Donald Trump's presidential win was a boon for the Republican Party in Washington, consolidating the GOP's control of the Oval Office, Senate and House of Representatives. But beyond the Beltway, poll data suggests the election has had the opposite effect on the party, pushing voters away.
From November 2016 to November 2017 there was a 5-point drop in the number of people who call themselves Republicans, from 42 percent to 37 percent, according to Gallup. In that same time, the number of people identifying as Democrats stayed flat at 44 percent.
Do the math and a 2-point edge for the Democrats in party identification, 44 percent to 42 percent, has been pushed to 7 points, 44 percent to 37 percent, in just one year. That's getting up into the area that may be a concern for Republicans in the 2018 midterms, where a big swing in party allegiance could lead to a swing in House and Senate seats.
You can see the potential impact of party-switching numbers like those in this year's Virginia governor's race. The exit polls from that race compared to the 2013 election showed Republican affiliation was down 2 points, while Democratic affiliation was up 4 points.
The result? Democrat Ralph Northam won what many thought would be a close race by nine points and Republicans lost 15 seats in the Virginia House of Delegates.
But perhaps just as concerning for the GOP may be how widespread the party defections have been. The numbers have dropped across a wide range of demographic groups — all age groups, different education levels and most racial and ethnic groups.
Among 18- to 34-year-olds, there was a 4-point drop in people identifying as Republicans. With 35- to 55-year-olds the drop was 4 points. And among those older than 55, the drop was 5 points.
College graduates saw a 4-point decline in Republican ID and those without a bachelor's degree saw a 5-point dip.
White, non-Hispanic respondents saw their GOP share drop 5 points. Hispanics saw a 3-point decline. African-Americans actually saw a 1-point increase in their self-identifying Republican population, but the number, 10 percent, is still remarkably low.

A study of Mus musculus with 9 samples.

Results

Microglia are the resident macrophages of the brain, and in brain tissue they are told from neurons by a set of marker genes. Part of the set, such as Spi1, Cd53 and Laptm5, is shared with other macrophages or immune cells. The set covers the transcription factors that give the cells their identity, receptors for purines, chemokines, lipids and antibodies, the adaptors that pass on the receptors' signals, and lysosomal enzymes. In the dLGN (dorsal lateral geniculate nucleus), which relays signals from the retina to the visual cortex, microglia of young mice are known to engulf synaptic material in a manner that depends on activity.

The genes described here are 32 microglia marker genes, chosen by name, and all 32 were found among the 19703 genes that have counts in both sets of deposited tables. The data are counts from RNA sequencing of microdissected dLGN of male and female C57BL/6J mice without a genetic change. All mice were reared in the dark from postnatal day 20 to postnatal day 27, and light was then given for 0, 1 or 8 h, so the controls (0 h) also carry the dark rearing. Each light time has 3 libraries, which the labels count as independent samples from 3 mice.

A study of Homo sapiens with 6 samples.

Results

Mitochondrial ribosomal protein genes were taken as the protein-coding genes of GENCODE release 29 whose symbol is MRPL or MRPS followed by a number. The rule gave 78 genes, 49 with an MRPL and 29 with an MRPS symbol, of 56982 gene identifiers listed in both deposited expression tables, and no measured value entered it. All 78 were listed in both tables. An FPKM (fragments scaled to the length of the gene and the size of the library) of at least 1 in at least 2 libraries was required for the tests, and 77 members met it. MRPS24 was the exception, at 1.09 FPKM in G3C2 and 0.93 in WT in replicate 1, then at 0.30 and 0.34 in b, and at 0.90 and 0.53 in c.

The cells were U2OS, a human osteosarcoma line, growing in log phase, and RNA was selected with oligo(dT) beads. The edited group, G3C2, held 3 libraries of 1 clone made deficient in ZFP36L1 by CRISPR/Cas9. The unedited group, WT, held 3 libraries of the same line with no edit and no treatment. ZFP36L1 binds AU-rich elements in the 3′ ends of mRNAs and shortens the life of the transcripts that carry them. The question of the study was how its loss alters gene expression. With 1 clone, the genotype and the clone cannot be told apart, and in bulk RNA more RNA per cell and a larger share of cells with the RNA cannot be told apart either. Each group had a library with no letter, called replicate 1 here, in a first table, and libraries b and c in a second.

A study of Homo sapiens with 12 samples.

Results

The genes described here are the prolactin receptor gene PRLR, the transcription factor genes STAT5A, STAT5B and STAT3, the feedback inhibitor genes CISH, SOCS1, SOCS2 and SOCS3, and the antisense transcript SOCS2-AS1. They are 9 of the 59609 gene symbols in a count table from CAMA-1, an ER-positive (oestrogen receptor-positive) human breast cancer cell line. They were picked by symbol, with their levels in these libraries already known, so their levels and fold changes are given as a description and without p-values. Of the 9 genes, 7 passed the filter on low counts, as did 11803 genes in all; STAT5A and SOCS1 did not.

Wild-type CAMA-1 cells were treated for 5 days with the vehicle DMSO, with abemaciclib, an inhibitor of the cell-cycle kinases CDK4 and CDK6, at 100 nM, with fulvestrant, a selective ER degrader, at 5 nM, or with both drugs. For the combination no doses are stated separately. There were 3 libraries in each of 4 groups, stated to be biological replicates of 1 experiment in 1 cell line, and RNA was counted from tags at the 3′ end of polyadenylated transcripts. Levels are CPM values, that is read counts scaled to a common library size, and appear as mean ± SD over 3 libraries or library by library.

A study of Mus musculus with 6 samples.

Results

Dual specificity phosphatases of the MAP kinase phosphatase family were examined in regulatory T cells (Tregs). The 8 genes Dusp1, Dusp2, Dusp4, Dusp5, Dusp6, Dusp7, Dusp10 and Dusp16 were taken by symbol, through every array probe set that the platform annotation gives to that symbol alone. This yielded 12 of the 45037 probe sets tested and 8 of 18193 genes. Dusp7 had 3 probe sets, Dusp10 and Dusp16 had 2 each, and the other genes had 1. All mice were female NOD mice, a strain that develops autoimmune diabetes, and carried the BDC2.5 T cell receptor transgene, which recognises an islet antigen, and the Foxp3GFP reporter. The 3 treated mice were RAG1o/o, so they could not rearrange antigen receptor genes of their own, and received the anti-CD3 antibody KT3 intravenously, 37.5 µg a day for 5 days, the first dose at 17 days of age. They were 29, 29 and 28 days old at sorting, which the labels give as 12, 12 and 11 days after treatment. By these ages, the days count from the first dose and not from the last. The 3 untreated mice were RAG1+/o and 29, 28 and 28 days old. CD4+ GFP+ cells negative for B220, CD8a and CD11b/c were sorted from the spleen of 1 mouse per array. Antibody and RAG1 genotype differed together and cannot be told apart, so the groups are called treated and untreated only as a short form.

To be clear, these drops aren't just due to selecting two points in time; the Gallup data show that since November 2016, there's been a fairly consistent drop in the number of people who identify as Republican or "lean Republican." And these are important numbers to keep in mind when you see reports about how high Trump's job approval is among Republicans.
Currently, Trump's support among Republicans, 78 percent approval, is in line with normal figures for a first-term president. Barack Obama was at 82 percent approval among Democrats at roughly the same point of his presidency. Bill Clinton was at 76 percent with Democrats at roughly this point.
But as these numbers indicate, that 78 percent approval comes from a smaller group of people. So among people who were "Republicans" when Trump was elected, the approval number is likely lower.
The data also suggest there is one group, in particular, that is a problem for GOP in the Trump era: women, especially white women.
Among women overall, the number identifying as Republican has declined 5 points, to 32 percent from 37 percent, but among white, non-Hispanic women, the drop has been an especially precipitous 7 points, to 41 percent this November from 48 percent in November 2016.
That drop among white, non-Hispanic women coincided with an increase in the same group who now identify as Democrats, and when you put those numbers together you see a flip in the partisan lean of that group.
In November 2016, white women were more likely to identify as Republican than Democrat by 5 points, 48 percent to 43 percent. By November of this year they were more like to say they were Democrats by 5 points, 46 percent to 41 percent.
As 2018 nears and the midterm elections come into focus that could be a real challenge for Republicans. Women traditionally make up a larger part of the electorate than men. And white women could be a crucial factor in the vote in suburban and exurban House districts held by Republicans.
That raises some serious questions for the Republican Party. How will the GOP's congressional leadership handle its members who have been accused of inappropriate behavior toward women? And what happens if Alabama elects accused teen-girl molester Roy Moore to serve as a Republican senator on Tuesday?
The Republican-Democrat gender gap is nothing new in politics. Democrats traditionally hold an edge with women. But these numbers show that the gap is growing wider and is in danger of becoming a chasm. If it gets wide enough, it could pull the GOP down into it.